Under his bail agreement, Charles Kushner, the real estate mogul and political fund raiser arrested last week for allegedly hiring a call girl in an effort to blackmail a witness, is not allowed to leave his home state of New Jersey. But he will still be one of the guests of honor at a fund-raising gala next month in Israel for Jerusalem’s Shaare Zedek Medical Center.
Leaders of the American Committee for Shaare Zedek say that unless Kushner is convicted of a crime, they see no reason to pull him and his wife off the roster of honorees. Sources associated with the hospital’s fund-raising arm say the original decision to honor Kushner was made several months ago in appreciation of a large gift to the institution.
The decision to stand by Kushner despite the allegations against him shines a light on the dilemmas that charitable organizations confront when faced with the prospect of high-profile donors engaging in embarrassing or illegal behavior. While leaders of the Shaare Zedek charity say they are relying on the judicial principle of innocent until proven guilty, other Jewish communal leaders counter that in the public realm of organized communal life, the first commitment always must be to safeguard ethical values.
“While I’m not going to comment about what another group does, if my organization were honoring an individual charged with ethical and serious wrongdoings, I would recommend to my board that the honor be deferred,” said Rabbi Eric Yoffie, president of the Union for Reform Judaism and a resident of New Jersey. If serious evidence exists to suggest immoral or illegal behavior, then “you wait and see.”
While such a stance could cost groups some financial support, Yoffie said, the failure to stand up for ethical values would disillusion members of the community. He added: “If you put realism before ethics you destroy the community, the foundations on which it’s built — Torah and the values we’ve been committed to for 3,500 years.”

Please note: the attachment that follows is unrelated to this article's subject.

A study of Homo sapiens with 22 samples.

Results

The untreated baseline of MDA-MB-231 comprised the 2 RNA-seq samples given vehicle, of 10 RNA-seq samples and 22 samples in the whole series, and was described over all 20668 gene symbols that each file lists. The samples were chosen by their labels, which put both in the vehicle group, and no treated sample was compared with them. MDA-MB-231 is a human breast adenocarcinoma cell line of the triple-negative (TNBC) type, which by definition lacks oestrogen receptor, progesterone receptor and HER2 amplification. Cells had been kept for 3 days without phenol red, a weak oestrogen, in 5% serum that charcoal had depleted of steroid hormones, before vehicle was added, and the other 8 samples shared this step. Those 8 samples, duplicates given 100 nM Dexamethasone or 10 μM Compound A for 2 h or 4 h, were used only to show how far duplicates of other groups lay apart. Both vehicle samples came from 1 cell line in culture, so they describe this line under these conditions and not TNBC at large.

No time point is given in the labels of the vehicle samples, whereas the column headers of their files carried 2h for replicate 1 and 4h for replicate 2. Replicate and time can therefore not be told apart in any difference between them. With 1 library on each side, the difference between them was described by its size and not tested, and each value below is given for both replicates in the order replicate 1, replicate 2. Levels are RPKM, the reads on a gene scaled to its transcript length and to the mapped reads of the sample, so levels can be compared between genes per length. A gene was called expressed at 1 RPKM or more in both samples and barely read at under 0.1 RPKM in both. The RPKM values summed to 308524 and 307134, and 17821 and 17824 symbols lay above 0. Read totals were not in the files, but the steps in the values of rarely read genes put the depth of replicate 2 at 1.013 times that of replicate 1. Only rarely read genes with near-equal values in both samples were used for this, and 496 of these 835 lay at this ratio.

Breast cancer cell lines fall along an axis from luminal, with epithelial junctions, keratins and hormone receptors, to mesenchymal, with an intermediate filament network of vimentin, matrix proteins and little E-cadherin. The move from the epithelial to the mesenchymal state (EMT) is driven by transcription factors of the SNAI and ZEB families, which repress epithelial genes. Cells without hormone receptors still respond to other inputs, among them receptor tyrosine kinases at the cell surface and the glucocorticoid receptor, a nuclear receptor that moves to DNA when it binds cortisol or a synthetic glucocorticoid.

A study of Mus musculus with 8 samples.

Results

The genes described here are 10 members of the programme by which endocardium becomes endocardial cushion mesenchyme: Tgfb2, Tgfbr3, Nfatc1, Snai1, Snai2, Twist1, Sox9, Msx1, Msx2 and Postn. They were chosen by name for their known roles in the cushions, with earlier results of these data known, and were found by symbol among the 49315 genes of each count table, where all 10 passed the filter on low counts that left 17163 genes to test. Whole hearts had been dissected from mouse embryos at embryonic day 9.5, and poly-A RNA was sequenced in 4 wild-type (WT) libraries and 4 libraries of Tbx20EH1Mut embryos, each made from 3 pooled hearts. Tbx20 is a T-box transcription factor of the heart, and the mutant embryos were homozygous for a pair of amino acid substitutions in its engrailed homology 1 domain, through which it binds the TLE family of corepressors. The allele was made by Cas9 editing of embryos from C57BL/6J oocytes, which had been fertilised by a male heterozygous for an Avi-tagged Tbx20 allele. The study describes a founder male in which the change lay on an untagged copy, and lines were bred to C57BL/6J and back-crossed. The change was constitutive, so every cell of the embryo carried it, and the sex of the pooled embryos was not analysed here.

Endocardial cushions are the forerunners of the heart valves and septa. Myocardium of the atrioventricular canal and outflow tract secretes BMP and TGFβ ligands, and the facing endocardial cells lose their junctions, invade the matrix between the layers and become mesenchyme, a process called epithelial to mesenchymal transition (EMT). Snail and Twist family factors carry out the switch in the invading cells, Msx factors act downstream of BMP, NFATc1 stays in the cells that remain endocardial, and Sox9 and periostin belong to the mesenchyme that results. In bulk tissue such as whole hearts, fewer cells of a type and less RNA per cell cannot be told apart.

Accepting money from donors that have questionable reputations can be complicated and should be dealt with on an individual basis, but honoring them publicly is clearly wrong, Yoffie said.
Kushner will continue to engage in philanthropic activities, according to his lawyer, Benjamin Brafman. “It is fair to say that while the legal issues will take some time to address, the important charities that have for so long relied on Charles Kushner’s generosity will not be impacted,” said Brafman.
Chairman of Kushner Companies, Kushner was arrested last week for allegedly hiring a call girl to cavort with two witnesses, in an attempt to blackmail them with videotapes of the encounter. The two witnesses, one of whom is reported to be Kushner’s brother-in-law, William Schulder, were aiding investigators with a 2003 federal probe into Kushner’s campaign contributions and business dealings. The investigation followed a legal fight with his brother, Murray, that was settled eventually.
Brafman said his client is not guilty of the charges. “My expectation is that at the end of this ordeal, Mr. Kushner will emerge with his honor intact and his head held high,” he said.
Menno Ratzker, president of the American Committee, said that for his organization “it wasn’t a question whether to continue or not to continue…the Constitution says innocent until proven guilty.” He added that his interest is in “raising money for the hospital” and Kushner has been “very generous to Shaare Zedek and other organizations.”
The others being honored at the Shaare Zedek dinner, Fanya Gottesfeld Heller and Howard and Debbie Jonas, could not be reached for comment. The dinner is marking the inauguration of a new department of emergency medicine.
Rabbi Saul Berman, director of the liberal Orthodox group Edah and generally an outspoken leader on business ethics, did not return numerous calls for comment. Kushner’s brother-in-law, Murray Laulicht, is the board president. An administrator at Edah declined to comment on Kushner’s own connection to the organization.
Jeffrey Dekro, president of The Shefa Fund, the Philadelphia-based group that encourages what it describes as ethically and socially responsible charitable giving, said that the community must stop giving criminals or suspected criminals the ability to donate money in an effort to buy back their reputation or reduce their sentences.
“It’s a line the Jewish community has found difficult not to cross,” Dekro said, pointing to a need for funds and networks of relationships that run deep.